How to launch your space career

Space career
Thomas Ireland - Software Engineer, Gilmour Space Technologies

Wanna reach for the stars? Get inspired by these three awesome – and diverse – pathways to launch your space career.

1. Thomas Ireland – Software Engineer, Gilmour Space Technologies

Growing up, Thomas Ireland was fascinated by how things worked. “I was always pulling toys apart,” he says. After high school he signed up for a Bachelor of Engineering (Honours) at Griffith University, majoring in electrical and electronic engineering. As part of his degree, Thomas did work placement at Gilmour Space Technologies – an aerospace startup based on Queensland’s Gold Coast – which turned into a full-time gig. He’s now a software engineer and part of a team designing and building a rocket set to deploy commercial payloads by 2022.

Thomas loves his job and is working on some super-exciting space projects. “I never really imagined working in the space industry. I didn’t think there’d be companies so close to home,” he says.

Thomas’ study and career pathway

  • Bachelor of Engineering (Hons) (Electrical & Electronic), Griffith University
  • Undergraduate Engineer, Gilmour Space Technologies
  • Software Engineer, Gilmour Space Technologies

RELATED: Quiz: What’s your perfect space career?

2. Paulo De Souza – Head of ICT, Griffith University

Space career - Paulo De SouzaCuriosity is the most important ingredient for a successful STEM career, says Griffith University’s Head of ICT, Paulo De Souza. 

Curiosity is also the name of one of the Mars rovers – spacecraft that have travelled on the Red Planet. During his PhD in Germany, Paulo worked on a sensor used by NASA aboard the Mars rovers Spirit and Opportunity. He has now collaborated on NASA rover missions for 15 years.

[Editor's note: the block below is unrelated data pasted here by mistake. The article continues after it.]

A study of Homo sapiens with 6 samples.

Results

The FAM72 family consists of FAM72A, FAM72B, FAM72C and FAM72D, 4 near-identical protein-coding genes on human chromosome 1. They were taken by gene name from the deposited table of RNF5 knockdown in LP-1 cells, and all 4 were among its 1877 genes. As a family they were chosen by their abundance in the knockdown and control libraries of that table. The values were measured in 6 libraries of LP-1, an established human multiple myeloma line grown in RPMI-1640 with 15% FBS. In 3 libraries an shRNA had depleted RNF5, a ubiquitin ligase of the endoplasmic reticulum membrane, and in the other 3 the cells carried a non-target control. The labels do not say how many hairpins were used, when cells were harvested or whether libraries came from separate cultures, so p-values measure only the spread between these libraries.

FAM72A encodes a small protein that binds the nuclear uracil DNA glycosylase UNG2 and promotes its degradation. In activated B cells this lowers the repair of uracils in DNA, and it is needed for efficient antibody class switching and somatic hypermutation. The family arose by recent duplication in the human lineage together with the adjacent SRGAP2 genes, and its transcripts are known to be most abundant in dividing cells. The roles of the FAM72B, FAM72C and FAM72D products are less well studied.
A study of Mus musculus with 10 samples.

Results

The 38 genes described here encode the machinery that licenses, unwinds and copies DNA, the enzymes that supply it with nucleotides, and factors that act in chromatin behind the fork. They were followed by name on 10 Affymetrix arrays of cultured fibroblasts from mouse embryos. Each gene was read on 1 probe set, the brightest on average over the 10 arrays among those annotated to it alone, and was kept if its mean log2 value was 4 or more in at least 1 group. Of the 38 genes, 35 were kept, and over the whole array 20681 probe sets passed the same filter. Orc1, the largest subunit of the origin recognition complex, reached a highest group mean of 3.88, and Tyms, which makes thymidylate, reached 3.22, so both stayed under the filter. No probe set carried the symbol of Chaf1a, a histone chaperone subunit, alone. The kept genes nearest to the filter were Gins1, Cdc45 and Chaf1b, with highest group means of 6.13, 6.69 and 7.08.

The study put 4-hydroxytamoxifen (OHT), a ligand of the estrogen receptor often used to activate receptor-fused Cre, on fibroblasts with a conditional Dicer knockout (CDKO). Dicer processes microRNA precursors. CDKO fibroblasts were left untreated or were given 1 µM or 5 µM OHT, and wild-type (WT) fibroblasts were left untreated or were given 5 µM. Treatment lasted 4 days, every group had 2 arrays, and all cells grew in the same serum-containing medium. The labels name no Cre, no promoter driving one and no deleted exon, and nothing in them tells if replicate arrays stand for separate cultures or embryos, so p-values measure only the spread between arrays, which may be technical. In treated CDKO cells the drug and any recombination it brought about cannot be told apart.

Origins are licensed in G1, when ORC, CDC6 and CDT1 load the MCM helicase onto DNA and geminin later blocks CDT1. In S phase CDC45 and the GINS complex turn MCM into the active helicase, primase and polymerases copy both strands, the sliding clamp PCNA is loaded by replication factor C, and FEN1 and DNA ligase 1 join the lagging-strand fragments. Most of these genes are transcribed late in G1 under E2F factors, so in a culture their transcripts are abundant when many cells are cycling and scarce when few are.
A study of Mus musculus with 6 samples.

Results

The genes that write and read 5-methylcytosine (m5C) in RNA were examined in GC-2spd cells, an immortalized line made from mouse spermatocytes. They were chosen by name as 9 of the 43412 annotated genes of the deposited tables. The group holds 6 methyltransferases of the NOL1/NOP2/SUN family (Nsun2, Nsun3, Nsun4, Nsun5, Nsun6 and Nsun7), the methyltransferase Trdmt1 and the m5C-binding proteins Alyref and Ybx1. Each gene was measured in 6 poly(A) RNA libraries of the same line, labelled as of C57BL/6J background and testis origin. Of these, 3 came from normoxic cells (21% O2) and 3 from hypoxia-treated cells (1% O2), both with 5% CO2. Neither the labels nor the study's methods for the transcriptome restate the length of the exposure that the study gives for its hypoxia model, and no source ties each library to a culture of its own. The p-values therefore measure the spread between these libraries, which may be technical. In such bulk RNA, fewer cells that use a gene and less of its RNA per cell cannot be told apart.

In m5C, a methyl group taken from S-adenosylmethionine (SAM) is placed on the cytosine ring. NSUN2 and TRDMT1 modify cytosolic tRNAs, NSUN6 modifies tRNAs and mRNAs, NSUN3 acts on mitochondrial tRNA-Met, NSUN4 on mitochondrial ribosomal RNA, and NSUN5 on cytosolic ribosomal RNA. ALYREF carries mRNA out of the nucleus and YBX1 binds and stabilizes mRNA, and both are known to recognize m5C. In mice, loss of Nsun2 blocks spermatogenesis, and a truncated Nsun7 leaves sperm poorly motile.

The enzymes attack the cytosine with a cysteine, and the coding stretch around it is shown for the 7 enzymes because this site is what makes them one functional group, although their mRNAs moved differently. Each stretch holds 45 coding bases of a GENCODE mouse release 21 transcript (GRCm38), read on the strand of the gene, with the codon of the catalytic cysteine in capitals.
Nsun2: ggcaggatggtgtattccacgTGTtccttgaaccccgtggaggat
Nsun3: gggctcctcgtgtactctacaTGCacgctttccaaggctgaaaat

Paulo grew up in Brazil and went to small, remote schools in the Amazon. He signed up for a degree in electrical engineering but switched to physics because he wanted to learn about the fundamental nature of how things work.

Space projects continue to be part of Paulo’s day job at Griffith University, which has partnered with Gold Coast-based aerospace company Gilmour Space Technologies to design and build the largest-ever Australian-made satellite, due for launch in 2023. “There’s so much happening in Australia’s space sector right now, and there’ll be so much happening over the next 10 to 20 years,” Paulo says. “There are more opportunities than people available in Australia to take them up.”

Paulo’s study and career pathway

  • Bachelor of Science and Master of Engineering, Federal University of Espírito Santo, Brazil
  • PhD, Natural Sciences, Johannes Gutenberg University, Germany
  • Chief Research Scientist, CSIRO
  • Head of School (ICT), Griffith University

RELATED: Places to launch a lit space career in Australia and NZ

3. Jessie Christiansen – Research Scientist, NASA

Space career - Jessie ChristiansenAn amateur astronomer in high school, Jessie Christiansen had no idea her passion for stargazing would lead to a career at NASA. “I didn’t know you could get paid to do this job. As soon as I realised it was an actual career, I was really excited,” she says.

With a Bachelor of Science (Advanced Studies) from Griffith University under her belt, followed by a PhD in astronomy and astrophysics, Jessie has worked at NASA in the US for more than eight years. As a research scientist at NASA’s Exoplanet Science Institute, she spends her days looking for planets around other stars. 

“I love discovery. I love being the first person to look at the data and go, there it is, there’s a new planet, or planet-like system or Earth-like planet,” she says. –Gemma Chilton

Jessie’s study and career pathway

  • Bachelor of Science (Advanced Studies), Griffith University
  • PhD, Astronomy and Astrophysics, UNSW
  • Research Scientist, NASA

This post is brought to you in partnership with Griffith University. Check out their study pathway options here.

Gemma Chilton

Author: Gemma Chilton

Gemma has a degree in journalism from the University of Technology, Sydney and spent a semester studying environmental journalism in Denmark. She has been writing about science and engineering for over a decade.